After four years of construction, the Tanzania tourism sector has recently welcomed the third Kempinski hotel to the country, with the latest hotel being located in the Serengeti National Park, one of the country’s UNESCO World Heritage sites.
The current owner of the Kempinski hotel chain in Tanzania is the Dubai-based ASB Limited and, according to its director, Philip d’Abo, delays in the opening of the USD 40 million Bilila Lodge Serengeti came as a result of complications during the construction process.
“A hotel we built in Seycheles took seven years to be completed, the Kilimanjaro Hotel took three years, the Zamani Hotel took four years and the Bilila lodge has taken four years,” said Mr. d’Abo to reporters in Dar es Salaam, “Even choosing the correct architect is an extremely time consuming problem.”
The lodge is located in an untouched part of the Central Nothern area of the Serengeti National Park, where private game drives will be planned for the hotel guests.
As a result of strict building regulations in the country’s national park, the 77-roomed Bilia Lodge will be the largest lodge that has ever been built in the Serengeti and, according to Mr. d’Abo, it is expected to provide a source of employment to approximately 200 Tanzanians.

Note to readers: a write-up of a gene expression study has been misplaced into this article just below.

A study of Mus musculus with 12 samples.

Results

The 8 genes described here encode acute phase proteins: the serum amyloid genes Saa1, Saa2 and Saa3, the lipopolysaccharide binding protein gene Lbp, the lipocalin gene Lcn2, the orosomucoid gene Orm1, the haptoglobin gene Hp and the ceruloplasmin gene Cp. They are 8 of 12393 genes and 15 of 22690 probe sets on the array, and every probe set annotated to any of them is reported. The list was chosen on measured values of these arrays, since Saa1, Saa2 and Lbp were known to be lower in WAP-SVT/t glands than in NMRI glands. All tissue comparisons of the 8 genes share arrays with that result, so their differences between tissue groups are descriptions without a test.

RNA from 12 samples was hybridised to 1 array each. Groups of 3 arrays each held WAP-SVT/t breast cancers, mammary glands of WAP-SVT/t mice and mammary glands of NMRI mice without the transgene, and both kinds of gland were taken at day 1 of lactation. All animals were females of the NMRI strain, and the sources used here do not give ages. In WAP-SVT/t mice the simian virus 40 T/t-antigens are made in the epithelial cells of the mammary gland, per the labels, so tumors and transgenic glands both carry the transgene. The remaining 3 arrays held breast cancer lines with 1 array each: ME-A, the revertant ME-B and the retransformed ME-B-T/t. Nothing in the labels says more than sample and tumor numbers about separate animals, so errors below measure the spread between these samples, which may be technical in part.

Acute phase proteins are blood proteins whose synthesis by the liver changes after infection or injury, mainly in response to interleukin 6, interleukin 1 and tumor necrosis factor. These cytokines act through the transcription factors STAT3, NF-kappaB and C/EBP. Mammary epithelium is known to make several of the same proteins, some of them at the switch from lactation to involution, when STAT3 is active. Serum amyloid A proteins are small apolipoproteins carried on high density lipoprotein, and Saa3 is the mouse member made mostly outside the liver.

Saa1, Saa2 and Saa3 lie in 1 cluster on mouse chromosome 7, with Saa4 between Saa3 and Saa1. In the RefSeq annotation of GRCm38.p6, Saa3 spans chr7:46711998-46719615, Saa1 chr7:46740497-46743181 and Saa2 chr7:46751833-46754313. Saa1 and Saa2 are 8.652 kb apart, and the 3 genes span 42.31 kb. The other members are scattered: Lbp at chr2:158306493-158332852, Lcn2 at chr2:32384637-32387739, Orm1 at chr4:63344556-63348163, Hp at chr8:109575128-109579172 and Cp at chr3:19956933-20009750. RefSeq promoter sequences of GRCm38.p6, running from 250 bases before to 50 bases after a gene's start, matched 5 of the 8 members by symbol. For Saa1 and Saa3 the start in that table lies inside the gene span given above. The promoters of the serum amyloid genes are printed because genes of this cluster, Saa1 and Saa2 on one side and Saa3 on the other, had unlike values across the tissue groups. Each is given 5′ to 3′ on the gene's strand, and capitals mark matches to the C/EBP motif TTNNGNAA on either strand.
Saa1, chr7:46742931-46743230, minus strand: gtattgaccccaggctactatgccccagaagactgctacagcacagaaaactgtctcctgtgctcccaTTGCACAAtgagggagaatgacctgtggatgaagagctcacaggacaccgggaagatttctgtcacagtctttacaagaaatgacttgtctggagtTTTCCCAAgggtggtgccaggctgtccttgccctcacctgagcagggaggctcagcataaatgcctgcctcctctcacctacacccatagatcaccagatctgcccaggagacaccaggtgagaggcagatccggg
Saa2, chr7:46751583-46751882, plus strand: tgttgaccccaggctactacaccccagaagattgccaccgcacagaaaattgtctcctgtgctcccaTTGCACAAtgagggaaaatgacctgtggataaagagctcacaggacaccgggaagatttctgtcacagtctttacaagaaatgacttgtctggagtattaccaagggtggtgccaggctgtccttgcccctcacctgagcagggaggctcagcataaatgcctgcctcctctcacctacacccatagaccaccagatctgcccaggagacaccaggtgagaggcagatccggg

“It will have 36 club rooms, 24 deluxe rooms, and 12 corner suites with pools, two single bedroom villas, two family villas and one presidential villa,” he said in a report by the Citizen, “The lodge is built at the site rich in wild animals in such a way that one moves around the large site on elevated walkways with the animals underneath.”
Criticism by environmentalists and some members of the public that the investment will reduce the number of animals has arisen based on an experience in Kenya where hotels were built inside national parks, which resulted in a large disappearance of wildlife populations in the last thirty years.
In response to these critics who have warned that, if left unchecked, Tanzania could see similar results in their national parks as Kenya, the ASB Tanzania director, Ramesh Patel, has said that a construction permit for the hotel was granted only after having performed an environmental impact assessment.
In addition, the ASB has said that, following Government approval, it has also made plans to begin redeveloping the historic Seventy Seven Hotel in Arusha.
If approval is granted to the ASB, construction of the new 174-room hotel in Arusha will likely last until 2011.